Saturday, July 6, 2013

Illuminating four 1 watt LEDS with 1.5V Cell - Joule thief Circuit

Can you imagine illuminating four numbers of 1 watt LEDs through a 1.5V source? Looks quite impossible. But it can be done simply using a coil of ordinary speaker wire, a transistor, a resistor and of-course a 1.5V pencil cell.


The idea was suggested to me by one the keen followers of this blog Ms. MayaB, here are the details, let's learn them:

FYI, I tried this simple JT using a 40ft. paired speaker wire (24AWG) purchased at dollar store (of course, for $1). No torroid, no ferrite rod, just simple air core wound to make it more like a coil (about 3" diameter) and tied the wire with a twistie tie (so that the wire will stay as a coil). I used 2N2222 transistor, 510 ohm resistor (found out that is the best with a help of potentiometer) and was able to BRIGHTLY lit four (that is all I had) 1-watt high power LED in series (which requires same amount of current as if it was used for only one LED) using two 1.5V AA batteries (that is 3V power supply). Can be used only one 1.5AA but will be dim (of course). I have also added a diode 1N4148 at the transistor's collecter pin just before the LED but can't tell if it increased any brightness. Many people have used a capacitor in parallel to the battery claiming it will light the LEDs longer, I have not tested that part yet.


I have read adding a 220uF/50V electrolytic capacitor parallel to the battery would make the lights run longer, adding a 470pF/50V ceramic disc capacitor parallel to resistor will recouple the waste current in the resistor, and adding a 1N4148 diode (it is a switching diode but I don't know how would that effect the brightness) at collector of the transistor before the LEDs in series makes the LEDs brighter. I don't have an oscilloscope to check all that effects. However, I would like to use rechargeable batteries instead of regular AA battery and make it self-regulated (or at least semi-self regulated) circuit by adding a calculator solar cell and a mini Joule Thief on a small toroid to keep charging the battery to last much-much longer.  I indeed need to add a LDR to light the LEDs only at dark and recharge the batteries during the daytime. Your suggestions and ideas are always welcome. Thanks, once again, for your interest.
Regards,
MayaB











Feedback from MayaB

Hi Swagatam,
Though it is long known Joule Thief circuit, not something new I discovered but thank you for posting a new article on behalf of me, I appreciated it.
Regards,
MayaB
Ps. Over the weekend I hybridized your circuit with the circuit I sent you here and it turned out to be dazzling bright (warning: may blind your eyesight, hehe). I used the same speaker wire (mentioned above), a 8050SL transistor, 2.2K resistor (paralled with a 470pf capacitor), one 1W high power LED, a 100uH choke (connected from collector of the transistor to the positive rail of power supply), and 1 diode (1N5822 connected at base of the transitor to the positive rail of the power supply). I used two 1.5V (total of 3V) AA batteries for power supply. And btw, a LDR between 2.2K resistor and the negative rail can be added to turn the LED off during the daylight. Unfortunately, could not light more than one 1W LED with 8050SL transistor in this configuration.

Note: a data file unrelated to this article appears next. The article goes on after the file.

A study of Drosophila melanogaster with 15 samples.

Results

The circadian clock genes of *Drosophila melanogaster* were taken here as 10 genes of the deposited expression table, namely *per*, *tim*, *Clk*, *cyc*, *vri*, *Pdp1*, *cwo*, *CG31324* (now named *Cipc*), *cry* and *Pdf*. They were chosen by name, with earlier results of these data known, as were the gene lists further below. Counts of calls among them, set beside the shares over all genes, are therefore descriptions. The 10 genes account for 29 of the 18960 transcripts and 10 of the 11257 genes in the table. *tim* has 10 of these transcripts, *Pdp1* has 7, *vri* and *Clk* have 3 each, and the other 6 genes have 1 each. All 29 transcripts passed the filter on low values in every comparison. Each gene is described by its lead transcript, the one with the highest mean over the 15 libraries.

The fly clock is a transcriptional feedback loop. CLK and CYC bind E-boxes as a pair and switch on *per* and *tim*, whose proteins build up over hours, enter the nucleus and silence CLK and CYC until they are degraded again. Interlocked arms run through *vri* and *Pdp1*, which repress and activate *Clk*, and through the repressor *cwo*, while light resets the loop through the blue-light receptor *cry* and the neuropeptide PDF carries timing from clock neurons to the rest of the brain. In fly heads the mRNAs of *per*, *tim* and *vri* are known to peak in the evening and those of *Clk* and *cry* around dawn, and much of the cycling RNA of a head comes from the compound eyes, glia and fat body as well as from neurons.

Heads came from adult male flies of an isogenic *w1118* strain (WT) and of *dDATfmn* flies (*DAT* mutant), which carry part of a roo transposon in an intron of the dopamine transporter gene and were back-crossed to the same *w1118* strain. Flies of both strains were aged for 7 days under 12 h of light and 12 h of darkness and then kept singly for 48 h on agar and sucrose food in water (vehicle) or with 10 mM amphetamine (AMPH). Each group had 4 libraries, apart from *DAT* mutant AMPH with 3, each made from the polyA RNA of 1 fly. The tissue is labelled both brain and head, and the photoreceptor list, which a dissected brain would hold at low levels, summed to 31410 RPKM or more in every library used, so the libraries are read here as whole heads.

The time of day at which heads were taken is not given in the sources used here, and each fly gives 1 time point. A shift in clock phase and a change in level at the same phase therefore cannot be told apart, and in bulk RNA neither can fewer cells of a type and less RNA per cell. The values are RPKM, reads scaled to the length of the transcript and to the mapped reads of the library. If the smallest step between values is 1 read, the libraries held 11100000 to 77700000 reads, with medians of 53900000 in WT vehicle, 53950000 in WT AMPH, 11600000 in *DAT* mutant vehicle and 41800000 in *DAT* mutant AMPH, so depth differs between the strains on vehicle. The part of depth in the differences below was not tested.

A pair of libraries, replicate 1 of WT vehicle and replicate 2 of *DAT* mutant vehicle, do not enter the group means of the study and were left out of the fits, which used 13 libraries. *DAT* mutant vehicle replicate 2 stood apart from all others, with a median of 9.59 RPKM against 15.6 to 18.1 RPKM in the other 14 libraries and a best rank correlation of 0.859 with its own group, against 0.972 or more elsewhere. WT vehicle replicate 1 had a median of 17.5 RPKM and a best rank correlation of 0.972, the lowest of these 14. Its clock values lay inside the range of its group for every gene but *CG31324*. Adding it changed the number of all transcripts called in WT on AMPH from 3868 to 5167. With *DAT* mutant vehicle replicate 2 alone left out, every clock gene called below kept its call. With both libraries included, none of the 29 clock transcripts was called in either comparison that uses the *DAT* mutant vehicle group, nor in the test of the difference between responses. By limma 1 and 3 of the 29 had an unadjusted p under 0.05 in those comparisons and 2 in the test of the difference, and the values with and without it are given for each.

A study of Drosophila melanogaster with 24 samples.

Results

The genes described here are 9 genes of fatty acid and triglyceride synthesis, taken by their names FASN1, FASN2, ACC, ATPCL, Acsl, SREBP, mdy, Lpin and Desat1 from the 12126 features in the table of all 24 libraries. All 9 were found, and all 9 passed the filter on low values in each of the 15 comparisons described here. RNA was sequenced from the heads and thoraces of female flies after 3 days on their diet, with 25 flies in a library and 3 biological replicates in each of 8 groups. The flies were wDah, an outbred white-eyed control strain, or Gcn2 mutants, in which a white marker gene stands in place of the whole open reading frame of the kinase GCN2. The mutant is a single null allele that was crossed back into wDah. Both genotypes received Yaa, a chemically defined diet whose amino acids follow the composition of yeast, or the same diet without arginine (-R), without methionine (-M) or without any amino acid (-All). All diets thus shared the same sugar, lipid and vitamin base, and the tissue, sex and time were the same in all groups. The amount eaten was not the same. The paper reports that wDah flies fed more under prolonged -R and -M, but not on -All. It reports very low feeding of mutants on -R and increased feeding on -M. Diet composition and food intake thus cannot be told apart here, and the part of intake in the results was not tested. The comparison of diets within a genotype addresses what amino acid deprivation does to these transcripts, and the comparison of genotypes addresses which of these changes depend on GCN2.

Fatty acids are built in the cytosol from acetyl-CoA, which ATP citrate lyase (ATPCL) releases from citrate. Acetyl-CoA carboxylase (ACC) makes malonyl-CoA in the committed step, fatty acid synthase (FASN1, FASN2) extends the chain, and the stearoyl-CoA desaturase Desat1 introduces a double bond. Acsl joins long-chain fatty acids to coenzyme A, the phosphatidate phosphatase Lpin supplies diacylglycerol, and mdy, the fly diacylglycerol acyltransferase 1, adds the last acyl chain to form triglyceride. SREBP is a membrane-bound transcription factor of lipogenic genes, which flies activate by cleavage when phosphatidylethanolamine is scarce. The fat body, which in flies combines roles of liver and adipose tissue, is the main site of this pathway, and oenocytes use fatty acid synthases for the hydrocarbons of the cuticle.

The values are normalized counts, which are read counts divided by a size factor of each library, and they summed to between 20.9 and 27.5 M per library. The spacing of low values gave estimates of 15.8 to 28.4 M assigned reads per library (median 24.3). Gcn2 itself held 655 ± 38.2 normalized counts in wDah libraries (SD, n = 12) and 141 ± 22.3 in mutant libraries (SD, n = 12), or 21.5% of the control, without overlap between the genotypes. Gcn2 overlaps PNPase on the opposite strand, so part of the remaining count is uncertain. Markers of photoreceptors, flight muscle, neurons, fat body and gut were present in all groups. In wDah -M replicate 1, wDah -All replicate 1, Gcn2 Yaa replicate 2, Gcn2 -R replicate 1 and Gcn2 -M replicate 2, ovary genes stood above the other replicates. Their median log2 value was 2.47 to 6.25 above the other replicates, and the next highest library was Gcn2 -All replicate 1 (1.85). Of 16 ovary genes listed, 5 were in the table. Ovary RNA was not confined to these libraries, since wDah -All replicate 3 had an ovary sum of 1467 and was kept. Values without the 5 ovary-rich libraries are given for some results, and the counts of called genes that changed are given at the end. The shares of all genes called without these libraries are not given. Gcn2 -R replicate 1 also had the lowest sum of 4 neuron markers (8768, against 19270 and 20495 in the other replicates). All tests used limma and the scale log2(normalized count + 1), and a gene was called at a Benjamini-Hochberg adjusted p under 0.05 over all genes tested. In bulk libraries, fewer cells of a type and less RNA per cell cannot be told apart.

9 comments:

  1. Hi. Mr. Swagatam.
    Good Job

    I was make earliar same type Joule thief Circuit- 7-20mW LED s lighten with 1.2V Nimh Battery.

    ReplyDelete
  2. hi swagatam,same but i didn't use transistors but 9-0-9 1A transformer & 1V5 cell with rotary switch or scratching the wires over the cell create very high V at the output,can lighten 2-3neon bulb. (the switch is homemade,changeover is done by a tiny motor with 6 point)

    i guess there is no heat/resistance loss whole VA directly used for invertion.
    switching is 10~15Hz maximum. is this good to design a -low cost "mechanical switching inverter"?
    and why mains freq always 50~60Hz, what happen if inverter make 230v15HzAC?

    ReplyDelete
    Replies
    1. Hi Max,

      your circuit is exhibiting a simple inverter principle, it's not a "joule thief" and it won't light up LEDs.

      50Hz is the standard accepted frequency according to which all inductive appliances are designed and calculated, if this frequency is altered all inductive appliances like motors, compressors would fail to operate.

      Delete
  3. Hello Swagatam, why u said LED won't light up? actually the LED would blown out in this arrangement. i got shock when i touched d secondary.
    mechanical switching is different. rub the wires on 1.5v button cell or 3v and feel the secondary volt!

    Check this out. the circuit said above is from here
    http://members.iinet.net.au/~cool386/inverter/inverter.html

    vibration/switching is done by bell circuit
    post a "mech inverter" rather than solid state, to understand -Early Version of Power Inverter.

    ReplyDelete
    Replies
    1. Hello Max,

      The LED will illuminate but not as efficiently as it would do with a joule thief type of design, and also the 1.5V cell would drain out pretty quickly.

      Your circuit is the most basic form of inverter using an iron core, which have poor efficiency.

      Delete
  4. What percentage of full illumination of 1 Watt Led, this circuit provides?
    from the pictures, Leds appear to be without heat sink.

    ReplyDelete
    Replies
    1. Yes the illumination won't be upto the maximum level...

      Delete

Readers are requested not to include external links while commenting. For consulting a diagram, upload it on Google Drive and provide the link here.

Readers are advised to proceed with the construction of the presented circuits only after understanding the concepts from the core. Not adhering to this can lead to failures and frustrations.